Police in Minnesota warned drivers about driving with too much snow on their vehicles.
The Minnesota State Patrol tweeted a photo on March 9 of a car that was pulled over for being nearly covered in snow—except for a small portion on the windshield in front of the driver.
The driver’s door window was also snow-free.
“Don’t be this person when it snows,” the state patrol wrote.
Don’t be this person when it snows. Please. Please. Please. A trooper stopped this car Feb. 14 in Elk River. Yes, they were cited. Sure, maybe the snow would blow off — onto someone else’s car. Clean off your vehicles BEFORE you hit the road. pic.twitter.com/NlLjemKmJe
— MN State Patrol (@MnDPS_MSP) March 9, 2019
“Please. Please. Please,” it tweeted. “A trooper stopped this car Feb. 14 in Elk River. Yes, they were cited. Sure, maybe the snow would blow off—onto someone else’s car. Clean off your vehicles BEFORE you hit the road.”
Several states require car windows to be clear of snow or ice, but Minnesota state law requires vehicles to have snow and ice removed from the windshield and front side windows.
“You’re required to have your front windshield and front side windows clear as to not obstruct vision in any way,” said Minnesota State Patrol’s Lt. Eric Roeske, reported CBS Minnesota.
“We recommend, it’s not maybe the easiest thing, to do, but to get all that loose snow removed from the vehicles,” added Roeske.
He said that it doesn’t take much time to do.
“Sometimes people are in a hurry or they forget, or they think that their defrosters will work quick enough,” said Roeske. “If you can’t see out your windows, you’re not only putting yourself, but everyone else on the road, in jeopardy.”
Q: Recently I have noticed quite a few semi trucks on the freeway with snow and ice blowing off the top of the trailers,…
There is a law saying that snow or ice falling off vehicles is technically littering, which is a misdemeanor.
Another trooper, Sgt. Neil Dickenson with the Minnesota State Patrol, offered answers to common questions, according to the Duluth News-Tribune.
“Recently I have noticed quite a few semi trucks on the freeway with snow and ice blowing off the top of the trailers … Is there a requirement to remove the snow/ice prior to traveling with the trailer?” asked one person.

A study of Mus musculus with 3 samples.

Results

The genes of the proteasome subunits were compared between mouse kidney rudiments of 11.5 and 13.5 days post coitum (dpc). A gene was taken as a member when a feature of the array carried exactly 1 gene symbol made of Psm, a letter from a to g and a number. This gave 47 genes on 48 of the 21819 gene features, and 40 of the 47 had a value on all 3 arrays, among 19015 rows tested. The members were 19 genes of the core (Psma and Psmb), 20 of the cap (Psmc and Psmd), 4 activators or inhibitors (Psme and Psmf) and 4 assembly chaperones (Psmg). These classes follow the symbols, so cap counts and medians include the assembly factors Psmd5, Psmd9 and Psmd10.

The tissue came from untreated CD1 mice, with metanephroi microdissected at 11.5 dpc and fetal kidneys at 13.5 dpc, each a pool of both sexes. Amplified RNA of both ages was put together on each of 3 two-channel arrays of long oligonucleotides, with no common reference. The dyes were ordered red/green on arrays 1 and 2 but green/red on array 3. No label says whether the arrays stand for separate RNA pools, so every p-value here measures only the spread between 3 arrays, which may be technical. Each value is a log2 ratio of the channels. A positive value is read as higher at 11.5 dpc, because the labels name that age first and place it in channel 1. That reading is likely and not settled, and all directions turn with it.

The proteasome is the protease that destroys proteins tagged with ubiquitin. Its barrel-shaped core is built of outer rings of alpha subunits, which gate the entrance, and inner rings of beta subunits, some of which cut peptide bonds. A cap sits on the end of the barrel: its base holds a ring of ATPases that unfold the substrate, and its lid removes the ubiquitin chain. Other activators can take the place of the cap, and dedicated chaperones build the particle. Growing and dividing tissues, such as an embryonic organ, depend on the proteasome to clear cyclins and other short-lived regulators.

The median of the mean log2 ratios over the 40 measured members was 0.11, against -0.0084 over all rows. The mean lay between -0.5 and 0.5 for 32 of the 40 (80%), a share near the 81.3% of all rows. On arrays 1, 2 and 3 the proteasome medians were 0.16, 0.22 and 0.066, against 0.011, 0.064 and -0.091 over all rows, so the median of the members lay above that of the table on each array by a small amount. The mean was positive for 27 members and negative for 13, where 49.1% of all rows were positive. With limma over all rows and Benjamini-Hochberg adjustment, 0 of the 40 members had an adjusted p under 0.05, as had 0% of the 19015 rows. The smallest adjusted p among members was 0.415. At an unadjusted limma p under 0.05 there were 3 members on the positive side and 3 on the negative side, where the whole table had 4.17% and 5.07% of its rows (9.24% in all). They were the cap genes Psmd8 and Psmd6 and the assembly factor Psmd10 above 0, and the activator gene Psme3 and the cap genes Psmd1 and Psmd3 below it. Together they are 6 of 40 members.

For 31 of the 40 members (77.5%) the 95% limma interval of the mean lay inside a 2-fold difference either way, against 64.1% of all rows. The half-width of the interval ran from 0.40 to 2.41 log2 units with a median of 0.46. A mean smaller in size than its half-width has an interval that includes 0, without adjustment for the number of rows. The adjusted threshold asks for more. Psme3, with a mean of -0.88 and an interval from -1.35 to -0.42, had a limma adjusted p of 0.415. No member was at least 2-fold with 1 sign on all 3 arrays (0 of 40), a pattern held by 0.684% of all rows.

Dickenson said that ice falling from a vehicle could be considered an unsecured load under state law.
“Drivers should be concerned about civil liability if they fail to take reasonable steps to remove snow and ice that result in property damage or injuries from a crash,” he said. “When traveling behind a vehicle with an unsecured load or ice/snow falling from it, give yourself plenty of room behind the vehicle to avoid any obstacles that may fall off and strike your vehicle. If possible, go around or pass the vehicle when it is safe to do so.”
He also recommended that drivers clear all ice or snow from all windows.
Other states have more stringent laws, requiring drivers to remove all snow and ice from every surface of a vehicle.
For example, in New Jersey, “remember to remove all ice and snow from your vehicle before driving, especially from the hood, windows, and roof,” according to NJ.gov.
You could get an $850.00 fine for driving with snow and ice on your car.
Motorists who fail to do so could face a fine of up to $75 or as much as $1,000 if falling ice or snow causes injury or property damage.
In New York, officers can pull over drivers who have snow obstructing a window or if the snow is on the roof of the vehicle.
“(Drivers) can be stopped and encouraged to remove any excess snow from their vehicle and reminded that it is a safety issue—not only for themselves but for other people driving on the road,” Peekskill police Captain Paul Astrologo told LoHud.
New York state has a law saying that one must clear all the snow and ice off your entire vehicle before operating it.
“If you must drive, first clear the ice and snow from your vehicle. This includes the headlights and taillights, the windshield wipers, and all the windows. Under New York State law, it is illegal to operate a motor vehicle with anything that obstructs the driver’s view. Additionally, license plates must be visible, headlights should provide adequate illumination, and all lights should be visible to other motorists,” says the New York DMV website.